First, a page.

The Sammamish City Council chamber overflowed into the waiting room and it was standing room only as scores of people got up to testify about King County’s development of the East Lake Sammamish Trail.
It’s clear from the comments that there is a misunderstanding on the part of some over the underlying issues.
Just as the chamber was packed with property owners and members of the Sammamish Home Owners, the place was clearly packed with bicyclists, including the Cascade Bicycle Club. The property owners are largely concerned with legalities, encroachments and heavy-handed tactics of King County. The bicyclists and some walkers, including former Sammamish City Council member Mark Cross, are concerned with having the 18 ft wide design for safety reasons.
Many took issue with suggestions to narrow the trail in some locations and for various reasons. What comes across clearly, for anyone willing to watch nearly two hours of comments on the City’s webcast of the Council meeting, is that those advocating the 18 ft wide design, don’t understand the unique issues involving ELST.
Those supporting the 18 ft wide design (with the corollary that they oppose narrowing the trail) don’t get that the suggestions of narrowing the trail aren’t talking about narrowing miles and miles of the trail. Those suggesting narrowing the trail, and I’m one of them, do so only to accommodate the unique physical constraints (principally in Section 2B, from 33rd Way [the 7-11] to Inglewood Hill Road, and principally at the Southern end of 2B through the Mint Grove area and the stretch south of Mint Grove); and for environmental reasons where sensitive areas would otherwise be impacted.
The suggestions to narrow the trail are very targeted and specific–not, as those opposing the idea seem to believe–the entire stretch of 2A and 2B.
These are important distinctions that were ignored by the pro-18 ft crowd.
As for the City and County staff presentations, they were disappointing compared with information I received in my meetings with Laura Philpot, assistant City Manager, and Kevin Brown, director of King County Parks. These meetings were far more detailed and far more satisfying than the public statements Tuesday. My meetings were off the record, at my suggestion, to encourage candor. This may be part of the problem vis-a-vis Tuesday. The City didn’t want to beat up on the County in a public forum, a view I can appreciate. But with an overflow, standing-room-only crowd and people watching on TV, the citizens need reassurance that the City is fully engaged and prepared to play hardball to protect the interests of the property owners and of the environment.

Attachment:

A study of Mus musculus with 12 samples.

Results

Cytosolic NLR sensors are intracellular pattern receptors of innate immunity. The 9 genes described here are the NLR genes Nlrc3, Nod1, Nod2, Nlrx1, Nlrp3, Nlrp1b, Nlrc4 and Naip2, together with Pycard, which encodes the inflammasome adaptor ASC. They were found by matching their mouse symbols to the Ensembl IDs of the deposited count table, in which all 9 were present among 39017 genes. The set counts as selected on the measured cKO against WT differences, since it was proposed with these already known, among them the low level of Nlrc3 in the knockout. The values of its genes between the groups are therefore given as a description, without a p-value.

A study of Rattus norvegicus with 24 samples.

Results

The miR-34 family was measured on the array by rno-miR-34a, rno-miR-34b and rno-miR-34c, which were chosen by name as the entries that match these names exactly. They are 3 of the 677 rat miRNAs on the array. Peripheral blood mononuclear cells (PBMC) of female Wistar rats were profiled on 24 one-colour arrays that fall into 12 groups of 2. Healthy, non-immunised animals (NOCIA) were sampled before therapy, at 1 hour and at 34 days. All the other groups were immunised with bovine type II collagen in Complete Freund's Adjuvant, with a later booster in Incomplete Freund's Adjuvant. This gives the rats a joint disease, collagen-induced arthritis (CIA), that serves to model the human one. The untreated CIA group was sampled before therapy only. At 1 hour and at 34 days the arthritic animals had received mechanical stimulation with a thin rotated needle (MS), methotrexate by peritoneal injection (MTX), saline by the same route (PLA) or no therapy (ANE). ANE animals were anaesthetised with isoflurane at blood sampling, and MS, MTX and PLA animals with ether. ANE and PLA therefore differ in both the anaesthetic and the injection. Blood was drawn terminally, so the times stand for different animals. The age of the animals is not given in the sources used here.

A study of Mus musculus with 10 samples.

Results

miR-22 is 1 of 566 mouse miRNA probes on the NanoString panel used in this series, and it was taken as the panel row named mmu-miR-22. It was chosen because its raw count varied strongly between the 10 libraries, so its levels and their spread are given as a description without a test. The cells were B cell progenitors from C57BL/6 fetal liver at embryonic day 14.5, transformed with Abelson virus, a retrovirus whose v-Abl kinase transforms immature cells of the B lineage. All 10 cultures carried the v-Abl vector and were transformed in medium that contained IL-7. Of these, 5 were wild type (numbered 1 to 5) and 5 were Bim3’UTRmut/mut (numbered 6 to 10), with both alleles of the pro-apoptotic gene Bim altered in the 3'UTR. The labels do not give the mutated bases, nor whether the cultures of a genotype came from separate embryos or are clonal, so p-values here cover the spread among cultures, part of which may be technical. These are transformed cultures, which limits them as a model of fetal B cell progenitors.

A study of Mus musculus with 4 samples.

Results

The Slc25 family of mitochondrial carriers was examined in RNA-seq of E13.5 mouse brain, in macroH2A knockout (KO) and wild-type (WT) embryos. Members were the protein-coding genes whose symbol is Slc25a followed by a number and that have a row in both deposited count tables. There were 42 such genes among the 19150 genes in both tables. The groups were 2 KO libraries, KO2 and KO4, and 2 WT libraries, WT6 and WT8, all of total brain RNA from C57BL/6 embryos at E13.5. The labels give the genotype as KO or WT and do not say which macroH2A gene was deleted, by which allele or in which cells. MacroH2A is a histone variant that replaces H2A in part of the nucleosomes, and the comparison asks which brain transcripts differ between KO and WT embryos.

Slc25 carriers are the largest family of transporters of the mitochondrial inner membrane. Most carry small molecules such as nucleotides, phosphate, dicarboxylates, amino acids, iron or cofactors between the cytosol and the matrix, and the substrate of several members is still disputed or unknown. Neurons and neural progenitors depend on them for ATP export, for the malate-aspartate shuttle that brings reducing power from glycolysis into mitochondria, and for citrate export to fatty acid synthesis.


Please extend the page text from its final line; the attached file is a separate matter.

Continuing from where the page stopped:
I believe the message came through that the City is far more engaged than on Section 1 (which wouldn’t be hard). What wasn’t said, and which I can’t go into given the ground rules of my conversation with Philpot, is the power the City believes it has to prompt changes–which the County is well aware of. But the public doesn’t have this understanding.
As for Brown’s presentation, I thought it was weaker than it could have been. Pointing to the Northern section and saying the County saved this tree or that tree (in the singular) isn’t very impressive. But then, it’s obvious the County is playing from a weak hand on the Northern section in the court of public opinion.
Time spent discussing 175 miles of County trails was nice but of little interest to the issues at hand. Having walked 2A last week with Brown, I came away favorably impressed but, as I wrote yesterday and said during Public Comment, I still think it falls short on some environmental issues.
The City and County have a long way to go with the property owners in Section 2.
So how is a half mile of narrowed trail not a safety problem if a 3-5 mile stretch is as well? Is it necessary to suggest cyclists aren’t clever enough to grasp the “real” issues that you care about and theirs are inconsequential?
If they are clever enough to grasp the issue, then they simply don’t care. Don’t know which is worse. I really wonder how many have actually been through Section 2.
I’m just entering the fray and trying to catch up with the history on this subject, but don’t the bicyclists have special lanes on E Lk Samm Pkwy? Why do they need to ride on the trail at a fast enough speed that they require special consideration? Why would it be more important for the City to prioritize yet another path for bicyclists, than to protect property owners rights (ya know, those horrible people who own very expensive land that generates good revenue for the City).
It would be ideal to meet the needs of bicyclists, but if sacrifices are needed because of the land and terrain constraints, their need to travel fast is the one that should have less priority.